The concept of ‘retirement’, of enjoying decades of work-free leisure in your golden years, is a relatively new construct. It’s only been around for a few generations.
In fact, the current version of the relaxed, golfing/RV-touring/country club retirement lifestyle only came into being in the post-WW2 boom era — as Social Security, corporate & government pensions, cheap and plentiful energy, and extended lifespans made it possible for the masses.
But increasingly, it looks like the dream of retiring is fast falling out of reach for many of today’s Baby Boomers. Most will outlive their savings (if they have any at all).
And the retirement prospects look even worse for Generations X, the Millennials, and Gen Z.
A Bad Squeeze
While the US enjoyed a wave of unprecedented prosperity throughout the 20th century, the data clearly shows that halcyon era is ending.
Real wages (i.e., nominal $ earned divided by the inflation rate) for the average American worker have hardly budged since the mid-1960s:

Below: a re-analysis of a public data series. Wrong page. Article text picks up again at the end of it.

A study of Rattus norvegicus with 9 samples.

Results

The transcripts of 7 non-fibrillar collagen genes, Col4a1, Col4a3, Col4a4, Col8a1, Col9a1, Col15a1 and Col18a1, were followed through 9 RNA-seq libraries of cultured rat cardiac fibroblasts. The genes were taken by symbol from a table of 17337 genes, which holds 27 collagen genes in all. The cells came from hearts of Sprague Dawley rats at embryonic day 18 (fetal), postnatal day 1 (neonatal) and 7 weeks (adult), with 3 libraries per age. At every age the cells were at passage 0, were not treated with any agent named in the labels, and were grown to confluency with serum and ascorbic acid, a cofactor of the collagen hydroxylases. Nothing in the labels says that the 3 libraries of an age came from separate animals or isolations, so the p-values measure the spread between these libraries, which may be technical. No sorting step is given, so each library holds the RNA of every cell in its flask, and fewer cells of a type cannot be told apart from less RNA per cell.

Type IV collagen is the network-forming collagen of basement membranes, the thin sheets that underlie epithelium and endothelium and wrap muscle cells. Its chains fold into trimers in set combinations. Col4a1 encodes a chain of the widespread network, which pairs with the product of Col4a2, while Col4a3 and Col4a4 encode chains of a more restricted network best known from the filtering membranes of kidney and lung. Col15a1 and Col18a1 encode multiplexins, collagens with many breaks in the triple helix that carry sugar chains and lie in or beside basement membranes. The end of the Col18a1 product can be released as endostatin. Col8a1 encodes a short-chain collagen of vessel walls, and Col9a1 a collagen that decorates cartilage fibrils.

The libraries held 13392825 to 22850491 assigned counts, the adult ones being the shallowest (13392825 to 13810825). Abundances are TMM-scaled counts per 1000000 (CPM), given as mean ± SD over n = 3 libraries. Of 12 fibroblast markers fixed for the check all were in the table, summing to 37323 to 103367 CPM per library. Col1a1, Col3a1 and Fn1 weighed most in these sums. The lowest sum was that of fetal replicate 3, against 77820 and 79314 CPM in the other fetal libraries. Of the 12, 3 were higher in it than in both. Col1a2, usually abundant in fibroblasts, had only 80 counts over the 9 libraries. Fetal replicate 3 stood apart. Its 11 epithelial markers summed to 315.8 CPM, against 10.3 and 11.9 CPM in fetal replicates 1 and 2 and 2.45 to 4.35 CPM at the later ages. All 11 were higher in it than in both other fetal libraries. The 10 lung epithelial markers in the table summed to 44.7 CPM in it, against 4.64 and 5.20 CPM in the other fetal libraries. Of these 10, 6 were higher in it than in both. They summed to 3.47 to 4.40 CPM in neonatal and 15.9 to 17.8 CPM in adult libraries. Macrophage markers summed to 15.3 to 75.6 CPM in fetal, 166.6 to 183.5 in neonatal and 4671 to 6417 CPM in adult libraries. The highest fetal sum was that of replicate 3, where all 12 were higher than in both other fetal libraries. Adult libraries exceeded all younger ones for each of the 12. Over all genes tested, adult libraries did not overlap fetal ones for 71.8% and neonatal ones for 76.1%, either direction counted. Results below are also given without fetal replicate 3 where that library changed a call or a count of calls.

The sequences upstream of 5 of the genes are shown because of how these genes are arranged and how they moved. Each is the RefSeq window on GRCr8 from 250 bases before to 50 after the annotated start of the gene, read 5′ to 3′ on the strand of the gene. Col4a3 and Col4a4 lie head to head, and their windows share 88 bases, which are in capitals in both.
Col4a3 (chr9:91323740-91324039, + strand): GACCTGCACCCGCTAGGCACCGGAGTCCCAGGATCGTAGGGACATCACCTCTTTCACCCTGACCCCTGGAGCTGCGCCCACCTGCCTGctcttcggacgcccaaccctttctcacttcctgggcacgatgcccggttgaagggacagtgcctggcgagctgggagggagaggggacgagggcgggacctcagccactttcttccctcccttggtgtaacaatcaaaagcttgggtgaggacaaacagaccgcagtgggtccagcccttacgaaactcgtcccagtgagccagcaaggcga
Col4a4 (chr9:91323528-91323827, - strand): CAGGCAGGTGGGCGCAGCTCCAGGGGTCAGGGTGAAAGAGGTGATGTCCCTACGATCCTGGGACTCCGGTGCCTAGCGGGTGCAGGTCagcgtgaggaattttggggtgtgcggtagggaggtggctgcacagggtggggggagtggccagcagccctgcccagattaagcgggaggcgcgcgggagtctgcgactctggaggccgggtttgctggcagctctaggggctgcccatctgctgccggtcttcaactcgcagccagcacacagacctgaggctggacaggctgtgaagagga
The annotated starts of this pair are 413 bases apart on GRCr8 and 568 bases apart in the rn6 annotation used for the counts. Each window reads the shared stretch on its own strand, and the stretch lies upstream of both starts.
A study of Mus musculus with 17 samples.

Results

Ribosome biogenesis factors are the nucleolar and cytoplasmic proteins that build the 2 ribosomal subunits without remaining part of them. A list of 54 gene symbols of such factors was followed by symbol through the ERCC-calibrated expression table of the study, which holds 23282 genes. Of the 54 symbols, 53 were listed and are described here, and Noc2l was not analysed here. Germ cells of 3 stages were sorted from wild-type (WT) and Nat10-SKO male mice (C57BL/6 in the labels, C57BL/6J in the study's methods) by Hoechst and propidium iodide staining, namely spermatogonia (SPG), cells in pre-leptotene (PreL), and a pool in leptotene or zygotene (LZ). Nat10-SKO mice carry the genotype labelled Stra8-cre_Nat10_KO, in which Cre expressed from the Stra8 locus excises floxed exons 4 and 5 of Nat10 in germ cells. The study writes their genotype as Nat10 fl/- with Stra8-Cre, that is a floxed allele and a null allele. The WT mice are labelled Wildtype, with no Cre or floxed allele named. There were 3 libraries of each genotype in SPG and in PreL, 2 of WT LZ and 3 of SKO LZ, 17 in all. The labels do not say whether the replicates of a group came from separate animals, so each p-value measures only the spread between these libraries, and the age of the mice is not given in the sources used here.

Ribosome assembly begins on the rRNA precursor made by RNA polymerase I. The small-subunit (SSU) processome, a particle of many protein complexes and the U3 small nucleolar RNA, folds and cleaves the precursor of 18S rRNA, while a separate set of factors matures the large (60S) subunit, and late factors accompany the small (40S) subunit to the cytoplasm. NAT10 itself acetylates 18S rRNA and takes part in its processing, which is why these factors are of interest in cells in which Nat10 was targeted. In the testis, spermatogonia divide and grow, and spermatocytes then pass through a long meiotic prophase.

Yet the cost of living has changed dramatically over the same time period. Note how the rate of increase in the Consumer Price Index (CPI) started accelerating in the late ’60s and never looked back:
Squeezed between stagnant wages and a rising living costs, perhaps it should be little surprise that so many Americans are having difficulty finding anything left over to save for retirement.
We’ve written about this extensively in our past reports, such as Let’s Stop Fooling Ourselves: Americans Can’t Afford The Future and The Great Retirement Con. But as a way of driving the point home, here are some quick sobering stats from the National Institute On Retirement Security:
- The median retirement account balance among all working US adults is $0. This is true even for the cohort closest to retirement age, those 55-64 years old.